IMAGE: Shelby Lisk for Central Art Garage.

OO7 COLLECTIVE: The History of the “Ottawa Ontario Seven” Indigenous artists collective archived on

In the Spring of 2012 a group of four Ottawa-based Indigenous artists gathered at a local cafe. The artists were Barry Ace, Rosalie Favell, Leo Yerxa and Ron Noganosh and the result of their meeting was the creation of a collective “with the sole purpose of presenting new work outside of the established curatorial practice and traditional institution art venue setting.” Another goal of the Collective was to foster opportunities for emerging, mid-career and established Indigenous artists to work together.

In the Summer and Fall of 2018, Ace worked with digital designer Leah Snyder, of The L. Project, to create a robust digital archive of the exhibitions produced by the OO7 Collective. The archive, which can be viewed here, includes exhibitions where Barry Pottle was a contributing artist.

In the summer of 2014 Pottle submitted two posters for the exhibition Surveillapocalypse that took place in Brooklyn, New York in OO7’s first collaboration with other artists outside of Canada with the Brooklyn-based collective artCodex. As Ace writes, “the OO7 Collective and artCodex collaborated on an exhibition about building trust between communities in the face of a security obsessed society amidst ever-increasing surveillance.”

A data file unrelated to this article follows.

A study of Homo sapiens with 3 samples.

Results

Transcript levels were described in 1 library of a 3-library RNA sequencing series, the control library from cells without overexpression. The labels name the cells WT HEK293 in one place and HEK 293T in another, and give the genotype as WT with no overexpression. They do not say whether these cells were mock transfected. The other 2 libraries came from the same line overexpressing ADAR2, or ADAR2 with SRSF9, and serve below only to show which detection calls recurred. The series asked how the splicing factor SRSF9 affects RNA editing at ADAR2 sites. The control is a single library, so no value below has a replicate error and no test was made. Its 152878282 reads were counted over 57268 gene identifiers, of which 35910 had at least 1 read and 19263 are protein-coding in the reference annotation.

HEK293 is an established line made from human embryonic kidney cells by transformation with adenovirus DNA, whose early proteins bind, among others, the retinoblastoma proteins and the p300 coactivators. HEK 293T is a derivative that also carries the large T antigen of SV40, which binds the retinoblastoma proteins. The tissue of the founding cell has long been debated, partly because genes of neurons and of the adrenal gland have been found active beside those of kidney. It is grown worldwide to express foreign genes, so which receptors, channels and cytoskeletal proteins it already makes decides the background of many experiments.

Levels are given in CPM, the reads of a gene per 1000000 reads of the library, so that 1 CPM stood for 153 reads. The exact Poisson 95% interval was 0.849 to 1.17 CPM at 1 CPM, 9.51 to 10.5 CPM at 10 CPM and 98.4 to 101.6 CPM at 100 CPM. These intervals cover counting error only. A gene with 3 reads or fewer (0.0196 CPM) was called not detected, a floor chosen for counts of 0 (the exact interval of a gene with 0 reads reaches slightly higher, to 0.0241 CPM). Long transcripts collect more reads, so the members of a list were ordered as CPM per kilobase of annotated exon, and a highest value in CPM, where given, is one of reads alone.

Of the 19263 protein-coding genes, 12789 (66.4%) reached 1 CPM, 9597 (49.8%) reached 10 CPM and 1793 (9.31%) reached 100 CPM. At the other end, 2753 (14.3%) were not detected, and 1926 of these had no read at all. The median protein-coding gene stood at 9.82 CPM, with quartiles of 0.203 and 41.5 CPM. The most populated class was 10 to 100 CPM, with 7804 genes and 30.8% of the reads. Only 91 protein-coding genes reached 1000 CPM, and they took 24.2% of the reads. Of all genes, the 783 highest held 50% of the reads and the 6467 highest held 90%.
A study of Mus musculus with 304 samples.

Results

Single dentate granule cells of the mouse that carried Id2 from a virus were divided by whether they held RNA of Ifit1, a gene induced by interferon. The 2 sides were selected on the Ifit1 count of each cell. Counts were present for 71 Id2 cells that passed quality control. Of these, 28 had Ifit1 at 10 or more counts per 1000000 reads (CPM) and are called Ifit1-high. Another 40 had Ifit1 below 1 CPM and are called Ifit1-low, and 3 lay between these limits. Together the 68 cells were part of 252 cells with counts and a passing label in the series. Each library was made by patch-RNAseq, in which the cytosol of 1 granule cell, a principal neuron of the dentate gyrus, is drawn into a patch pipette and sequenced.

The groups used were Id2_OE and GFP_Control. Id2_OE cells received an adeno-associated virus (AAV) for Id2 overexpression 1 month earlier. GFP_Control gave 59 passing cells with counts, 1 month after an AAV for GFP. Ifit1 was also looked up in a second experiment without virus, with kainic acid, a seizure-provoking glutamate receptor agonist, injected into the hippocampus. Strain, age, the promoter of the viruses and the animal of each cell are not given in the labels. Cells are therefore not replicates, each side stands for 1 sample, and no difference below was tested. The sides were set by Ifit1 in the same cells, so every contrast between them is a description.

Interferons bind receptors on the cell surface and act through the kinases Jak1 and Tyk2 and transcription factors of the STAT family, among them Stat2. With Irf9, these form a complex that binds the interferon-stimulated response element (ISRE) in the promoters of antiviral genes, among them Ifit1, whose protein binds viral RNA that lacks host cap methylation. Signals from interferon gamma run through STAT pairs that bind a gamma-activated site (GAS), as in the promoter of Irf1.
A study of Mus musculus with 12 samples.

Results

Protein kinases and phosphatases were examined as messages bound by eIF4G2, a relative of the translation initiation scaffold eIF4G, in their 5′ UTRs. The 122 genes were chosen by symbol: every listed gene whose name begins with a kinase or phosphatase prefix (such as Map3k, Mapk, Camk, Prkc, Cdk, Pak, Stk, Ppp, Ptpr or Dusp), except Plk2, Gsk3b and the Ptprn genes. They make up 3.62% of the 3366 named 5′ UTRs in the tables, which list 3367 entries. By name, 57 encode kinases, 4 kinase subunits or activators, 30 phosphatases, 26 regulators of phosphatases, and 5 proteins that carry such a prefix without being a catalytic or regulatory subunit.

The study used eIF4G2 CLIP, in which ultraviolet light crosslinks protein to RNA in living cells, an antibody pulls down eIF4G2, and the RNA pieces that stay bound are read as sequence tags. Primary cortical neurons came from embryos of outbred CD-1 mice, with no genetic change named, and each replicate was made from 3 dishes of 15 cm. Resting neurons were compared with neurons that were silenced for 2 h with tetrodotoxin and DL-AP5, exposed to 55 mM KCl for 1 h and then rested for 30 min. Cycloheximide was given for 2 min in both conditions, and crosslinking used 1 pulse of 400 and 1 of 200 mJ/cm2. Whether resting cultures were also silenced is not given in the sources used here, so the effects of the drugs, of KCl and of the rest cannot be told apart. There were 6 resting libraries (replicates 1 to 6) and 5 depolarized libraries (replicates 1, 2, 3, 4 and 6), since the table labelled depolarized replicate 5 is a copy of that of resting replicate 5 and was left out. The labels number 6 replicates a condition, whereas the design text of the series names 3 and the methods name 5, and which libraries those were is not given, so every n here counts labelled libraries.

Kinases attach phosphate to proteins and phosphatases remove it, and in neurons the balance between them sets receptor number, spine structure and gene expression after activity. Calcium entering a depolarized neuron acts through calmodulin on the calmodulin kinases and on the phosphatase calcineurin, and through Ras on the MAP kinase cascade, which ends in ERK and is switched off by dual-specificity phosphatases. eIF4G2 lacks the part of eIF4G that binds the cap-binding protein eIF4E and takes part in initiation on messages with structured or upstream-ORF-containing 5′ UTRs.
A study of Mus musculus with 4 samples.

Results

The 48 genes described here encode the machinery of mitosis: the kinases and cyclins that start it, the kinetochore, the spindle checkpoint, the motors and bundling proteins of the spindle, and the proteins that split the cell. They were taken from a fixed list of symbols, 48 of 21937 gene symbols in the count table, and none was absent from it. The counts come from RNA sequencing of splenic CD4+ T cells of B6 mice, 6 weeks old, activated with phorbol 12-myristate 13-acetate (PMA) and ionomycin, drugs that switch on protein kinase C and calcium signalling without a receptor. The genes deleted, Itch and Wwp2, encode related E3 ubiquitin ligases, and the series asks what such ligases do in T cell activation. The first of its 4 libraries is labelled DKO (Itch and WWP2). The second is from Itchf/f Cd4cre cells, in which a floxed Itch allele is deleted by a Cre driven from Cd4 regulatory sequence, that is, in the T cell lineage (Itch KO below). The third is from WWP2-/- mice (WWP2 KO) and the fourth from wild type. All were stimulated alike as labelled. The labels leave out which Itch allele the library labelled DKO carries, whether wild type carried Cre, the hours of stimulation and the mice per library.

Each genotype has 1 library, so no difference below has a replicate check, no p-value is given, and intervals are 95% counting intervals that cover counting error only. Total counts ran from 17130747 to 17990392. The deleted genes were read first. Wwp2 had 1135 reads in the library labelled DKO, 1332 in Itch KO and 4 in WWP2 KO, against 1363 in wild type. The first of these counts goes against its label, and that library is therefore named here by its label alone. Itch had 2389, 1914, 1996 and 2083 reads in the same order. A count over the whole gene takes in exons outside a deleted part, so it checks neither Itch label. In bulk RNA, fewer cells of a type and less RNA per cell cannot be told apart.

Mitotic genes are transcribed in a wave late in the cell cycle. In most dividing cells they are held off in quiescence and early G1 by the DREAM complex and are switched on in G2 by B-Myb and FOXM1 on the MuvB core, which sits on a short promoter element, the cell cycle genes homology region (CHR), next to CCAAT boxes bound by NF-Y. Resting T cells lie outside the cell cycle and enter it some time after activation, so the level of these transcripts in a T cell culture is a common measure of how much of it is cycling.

2014 FiveMyles Gallery (Brooklyn, New York)


Poster by Pottle for “Surveillapocalpyse” in Brooklyn, New York (2014).

Poster by Pottle for “Surveillapocalpyse” in Brooklyn, New York (2014).


For 2017, as a way to offer a “direct response to Canada’s Sesquicentennial” OO7 curated It’s Complicated. The exhibition took place at Central Art Garage in Ottawa and was well documented by Mohawk photographer Shelby Lisk (view images here).

The exhibition highlighted that for Indigenous peoples of this land, from coast to coast to coast, 150 years represents a very minuscule passage of time, especially in terms of the longstanding presence and occupation of homeland territories. Yet this seemingly fleeting moment in time is monumental in its impact on Indigenous communities, culture, language, identity, rights, water, and land. The exhibition presented an alternative perspective to the widely propagated Canada 150 celebrations by revealing timely and poignant aspects of the convoluted historical and contemporary relationship between Canada and Indigenous peoples. As the artists noted, if there is any room for celebration in 2017 from an Indigenous perspective, it is a celebration of survivance, tenacity, and perseverance. It’s a complicated celebration.

The exhibition was also part of the National Arts Centre’s (NAC) CanadaScene programming, an arts festival that showcased visual and performance art, dance and music from across Canada during the Summer of 2017. View the complete OO7 Collective digital archive here.

2017 Central Art Garage (Ottawa, Ontario)

IMAGES: Frank Shebageget with Barry Pottle at artist talk for “It’s Complicated” at Central Art Garage, Ottawa (top); Install of “It’s Complicated” (bottom). Images by Shelby Lisk for Central Art Garage.